When I think of Thanksgiving, I think of whipped potatoes with sautéed onions. I haven’t actually had them at a holiday meal in about two decades, but that is the dish that tugs at my heart when I think about Thanksgivings past.
Our day-to-day was tumultuous when I was a kid and we weren’t the sort of family where food brought us all together. Instead, reheated macaroni from three nights ago was often on the menu — and if it smelled or tasted a little funny, we ate it anyway. My dad would show up highly intoxicated midway through the meal and complain. Sometimes he’d make himself something to eat before passing out, but most times he didn’t. He usually had just enough energy to criticize my mother’s lack of culinary skills and my brother and I learned to just keep eating with our eyes on the television as dishes and pans banged around the kitchen.
But Thanksgiving was different — we spent it with my mother’s sister’s family. My father never came with us and I didn’t have to ask why. There was plenty of food and all of it fresh. The table was set lavishly with linens and glasses, a far cry from the paper napkins and plastic tumblers we had at home. My aunt and uncle weren’t wealthy but they were generous and loved to celebrate holidays with those they held dear. The rest of the year they were the paper napkin and plastic tumbler sort, but Thanksgiving was special and sacred and deserved cloth napkins. My mother could have never pulled off a dinner like this. It would have required weeks of work just to find the dining room table under the mountains of junk.
My uncle and I shared a bond in the kitchen. I’d stand and watch as he went from counter to stove to refrigerator and back again, simultaneously preparing various dishes. Everything was timed perfectly and he had a schedule to keep, yet he never hesitated to teach as he went so that I could maybe host the traditional Thanksgiving dinner someday. I learned the invaluable lesson that you can always add more of an ingredient and never take away, so never pour with a heavy hand. I learned that you have to be patient with food; it is art and it cannot be rushed. I learned that food cooked with love definitely tastes better than food that isn’t.
But the mashed potatoes were always my favorite part. He whipped them with the electric beater while adding the perfect ratio of cream and real butter. Just when they were at the tip of perfection, he’d add in the sautéed onions. They always came out just right and, topped with his signature pan gravy, they were heavenly. He knew I loved them and even if it’s not true, I liked to think he kept making them because I loved them and he loved me.
Thanksgiving dinners were special, a respite from daily life. They were a time to love and feel loved. I thought maybe this was what most families had year round and I was happy to catch a glimpse of it.
Life marches on though. Families change over time until we look back and everything is different.
My father left when I was ten and I no longer hoped he could clean up and make it to a holiday meal. My mother was stricken with multiple sclerosis and as she lost her mobility over the years, getting her wheelchair into her sister’s second floor apartment became unmanageable. I started spending holidays with my future husband’s family and my brother did the same with the family of his future wife. The strain of my mother’s illness from a chronic, degenerative and ultimately fatal disease was felt by all of us. Tempers flared and we backed away from one another. My grandparents died, my aunt and uncle moved away.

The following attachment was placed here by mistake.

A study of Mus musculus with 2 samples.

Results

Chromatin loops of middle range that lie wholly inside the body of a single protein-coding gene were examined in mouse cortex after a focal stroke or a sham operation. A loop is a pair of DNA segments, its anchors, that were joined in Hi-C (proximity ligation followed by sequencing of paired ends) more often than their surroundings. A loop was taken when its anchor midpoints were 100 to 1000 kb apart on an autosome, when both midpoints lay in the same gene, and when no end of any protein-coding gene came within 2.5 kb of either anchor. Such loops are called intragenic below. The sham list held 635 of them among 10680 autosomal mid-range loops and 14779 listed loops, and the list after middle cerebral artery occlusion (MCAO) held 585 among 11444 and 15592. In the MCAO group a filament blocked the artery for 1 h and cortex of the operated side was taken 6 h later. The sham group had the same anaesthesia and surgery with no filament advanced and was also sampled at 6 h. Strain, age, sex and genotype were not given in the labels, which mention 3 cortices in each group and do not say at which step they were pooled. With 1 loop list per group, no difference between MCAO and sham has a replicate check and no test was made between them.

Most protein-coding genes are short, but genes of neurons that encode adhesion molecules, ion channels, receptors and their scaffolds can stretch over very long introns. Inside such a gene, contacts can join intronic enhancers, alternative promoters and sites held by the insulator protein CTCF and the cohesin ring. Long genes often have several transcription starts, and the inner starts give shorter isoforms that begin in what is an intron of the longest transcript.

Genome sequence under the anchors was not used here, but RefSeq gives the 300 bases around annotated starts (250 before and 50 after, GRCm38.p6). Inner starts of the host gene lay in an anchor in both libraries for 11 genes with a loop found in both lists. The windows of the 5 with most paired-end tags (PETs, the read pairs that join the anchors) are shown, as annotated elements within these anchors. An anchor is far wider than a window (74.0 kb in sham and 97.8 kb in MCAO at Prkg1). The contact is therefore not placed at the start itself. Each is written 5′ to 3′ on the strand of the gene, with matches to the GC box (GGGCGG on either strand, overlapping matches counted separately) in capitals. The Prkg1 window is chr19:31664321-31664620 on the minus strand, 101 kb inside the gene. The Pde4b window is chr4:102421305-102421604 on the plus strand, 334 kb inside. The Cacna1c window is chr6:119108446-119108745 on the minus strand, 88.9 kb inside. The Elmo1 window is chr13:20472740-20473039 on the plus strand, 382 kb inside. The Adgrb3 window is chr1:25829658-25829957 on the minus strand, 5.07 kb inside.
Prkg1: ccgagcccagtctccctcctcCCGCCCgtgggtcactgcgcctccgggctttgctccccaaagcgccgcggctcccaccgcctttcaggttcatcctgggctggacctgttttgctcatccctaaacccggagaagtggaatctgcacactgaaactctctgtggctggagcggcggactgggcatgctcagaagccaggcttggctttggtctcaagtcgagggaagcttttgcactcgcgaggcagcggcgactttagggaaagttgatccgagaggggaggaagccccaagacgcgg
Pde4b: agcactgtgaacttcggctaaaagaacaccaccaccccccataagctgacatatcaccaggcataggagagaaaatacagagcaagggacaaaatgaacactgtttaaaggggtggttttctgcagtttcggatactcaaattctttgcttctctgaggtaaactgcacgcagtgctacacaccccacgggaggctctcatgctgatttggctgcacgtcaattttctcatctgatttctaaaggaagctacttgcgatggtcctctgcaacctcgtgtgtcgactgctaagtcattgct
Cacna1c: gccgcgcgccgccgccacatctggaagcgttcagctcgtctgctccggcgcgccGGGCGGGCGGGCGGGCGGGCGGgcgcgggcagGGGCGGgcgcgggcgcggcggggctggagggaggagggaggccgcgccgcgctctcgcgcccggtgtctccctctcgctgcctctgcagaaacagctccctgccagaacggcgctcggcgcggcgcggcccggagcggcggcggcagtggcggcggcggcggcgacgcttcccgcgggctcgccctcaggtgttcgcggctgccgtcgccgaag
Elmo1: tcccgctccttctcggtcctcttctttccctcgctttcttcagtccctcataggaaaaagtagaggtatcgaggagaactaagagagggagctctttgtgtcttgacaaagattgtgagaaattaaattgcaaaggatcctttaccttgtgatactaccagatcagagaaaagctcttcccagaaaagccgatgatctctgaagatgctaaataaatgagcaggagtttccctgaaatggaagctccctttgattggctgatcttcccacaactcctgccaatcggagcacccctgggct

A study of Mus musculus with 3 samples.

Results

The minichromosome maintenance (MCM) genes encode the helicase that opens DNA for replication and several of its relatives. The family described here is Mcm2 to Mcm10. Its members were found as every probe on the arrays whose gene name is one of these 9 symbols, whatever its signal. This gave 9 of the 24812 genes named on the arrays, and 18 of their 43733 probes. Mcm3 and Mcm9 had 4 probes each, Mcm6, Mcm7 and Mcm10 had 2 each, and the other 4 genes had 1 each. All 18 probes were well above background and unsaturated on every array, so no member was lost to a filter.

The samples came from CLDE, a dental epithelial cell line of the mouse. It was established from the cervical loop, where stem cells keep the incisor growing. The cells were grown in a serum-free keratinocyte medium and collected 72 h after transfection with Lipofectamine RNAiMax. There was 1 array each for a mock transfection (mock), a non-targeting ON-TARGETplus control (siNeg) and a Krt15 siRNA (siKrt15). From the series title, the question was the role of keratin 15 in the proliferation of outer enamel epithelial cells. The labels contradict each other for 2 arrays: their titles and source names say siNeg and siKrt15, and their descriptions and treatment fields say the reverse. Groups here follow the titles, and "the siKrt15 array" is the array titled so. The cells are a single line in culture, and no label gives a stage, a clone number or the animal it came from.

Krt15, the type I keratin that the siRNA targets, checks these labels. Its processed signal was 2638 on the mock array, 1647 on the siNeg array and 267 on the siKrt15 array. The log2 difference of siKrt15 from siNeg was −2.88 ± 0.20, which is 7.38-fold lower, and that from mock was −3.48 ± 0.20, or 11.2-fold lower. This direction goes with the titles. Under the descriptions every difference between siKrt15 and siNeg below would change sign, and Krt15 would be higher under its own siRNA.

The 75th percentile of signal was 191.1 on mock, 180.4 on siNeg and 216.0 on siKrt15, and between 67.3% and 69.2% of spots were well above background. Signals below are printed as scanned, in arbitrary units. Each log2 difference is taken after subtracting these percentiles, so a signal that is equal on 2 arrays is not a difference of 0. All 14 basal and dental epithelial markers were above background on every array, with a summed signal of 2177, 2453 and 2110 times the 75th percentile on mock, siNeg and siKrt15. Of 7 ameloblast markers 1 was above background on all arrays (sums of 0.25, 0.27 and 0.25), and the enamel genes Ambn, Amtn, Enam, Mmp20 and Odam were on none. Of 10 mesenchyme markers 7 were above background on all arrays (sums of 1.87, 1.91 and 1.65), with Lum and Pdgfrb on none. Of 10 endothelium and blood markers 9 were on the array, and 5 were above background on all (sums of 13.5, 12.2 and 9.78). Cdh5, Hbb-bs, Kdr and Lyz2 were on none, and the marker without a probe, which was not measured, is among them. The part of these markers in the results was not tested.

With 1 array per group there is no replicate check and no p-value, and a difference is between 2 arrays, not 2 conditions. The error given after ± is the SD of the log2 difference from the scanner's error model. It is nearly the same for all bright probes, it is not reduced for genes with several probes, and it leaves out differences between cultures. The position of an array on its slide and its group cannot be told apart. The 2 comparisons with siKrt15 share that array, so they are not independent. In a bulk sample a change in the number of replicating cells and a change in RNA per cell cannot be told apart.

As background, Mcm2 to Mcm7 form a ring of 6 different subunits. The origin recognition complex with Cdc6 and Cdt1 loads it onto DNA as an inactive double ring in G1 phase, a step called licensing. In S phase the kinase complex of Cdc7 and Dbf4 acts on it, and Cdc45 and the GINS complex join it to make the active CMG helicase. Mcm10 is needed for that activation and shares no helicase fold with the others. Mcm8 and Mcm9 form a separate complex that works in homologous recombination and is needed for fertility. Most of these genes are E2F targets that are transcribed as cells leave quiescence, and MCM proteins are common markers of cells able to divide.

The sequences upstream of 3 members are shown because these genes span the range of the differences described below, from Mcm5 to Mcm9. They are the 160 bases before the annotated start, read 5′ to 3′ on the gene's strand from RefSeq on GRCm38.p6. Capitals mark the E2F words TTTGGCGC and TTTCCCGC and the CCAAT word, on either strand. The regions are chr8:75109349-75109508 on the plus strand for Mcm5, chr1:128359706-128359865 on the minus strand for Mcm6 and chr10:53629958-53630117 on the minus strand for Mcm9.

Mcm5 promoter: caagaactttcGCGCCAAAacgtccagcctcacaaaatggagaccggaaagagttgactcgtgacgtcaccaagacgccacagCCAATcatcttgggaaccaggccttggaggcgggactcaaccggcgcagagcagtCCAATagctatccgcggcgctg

None of this happened all at once. Little by little, inch by inch, the distances grew. It seemed someone would always say next year, for sure, we’ll get back to the old way, all of us together. But those who left didn’t come back. And things kept changing.
I tried to recreate the big family dinner several times, looking to recapture the magic of the ones I remembered. The meals were nice with scads of relatives seated elbow to elbow at tables too small to accommodate them, laughing and eating piles of food. The feelings I had weren’t the same as the ones I had in my younger years. I couldn’t recreate it no matter what I did.
So I stopped trying. Our Thanksgiving dinners are smaller now but we still share our table with family and friends. I’m grateful when my son eats with us, despite his food aversions and flair for dramatics surrounding his pickiness. I whip the potatoes, but I don’t add the sautéed onions because no one would eat them except me and that’s just fine.
As I cook, I take a quiet minute and remember those holidays from decades ago. I can’t get them back but I can remember fondly the love and how good it felt to be together when the rest of the year wasn’t so happy. I can think about my grandfather standing on chairs trying to take candid photos of people eating. I remember my grandmother laughing so hard that she’d cry when, during the annual after-dinner board game, she’d accidentally answer an entire round of Scattergories in French instead of English. I am careful not to use a heavy hand with the cream or the butter or any other ingredient because, like memories, you can always add more.
I still cook food with love.
Even though those seated at the table aren’t the same, we’re making new memories ever year that we gather together. Expecting the magic and wonder of youth is a fool’s errand, and there’s no way to bring back those lost. Some fences are far too damaged to mend and sometimes the holidays mean acceptance that we won’t ever again be with those we’ve held dear.
There is significant pressure, I think, for Thanksgiving to be so many things. Now, I work to appreciate it for what it is — and also for what it isn’t, for what it could have been but might never be. I’m happy with what we have, even if it’s not what I ever expected.
Michelle Longo is a writer living in New Jersey.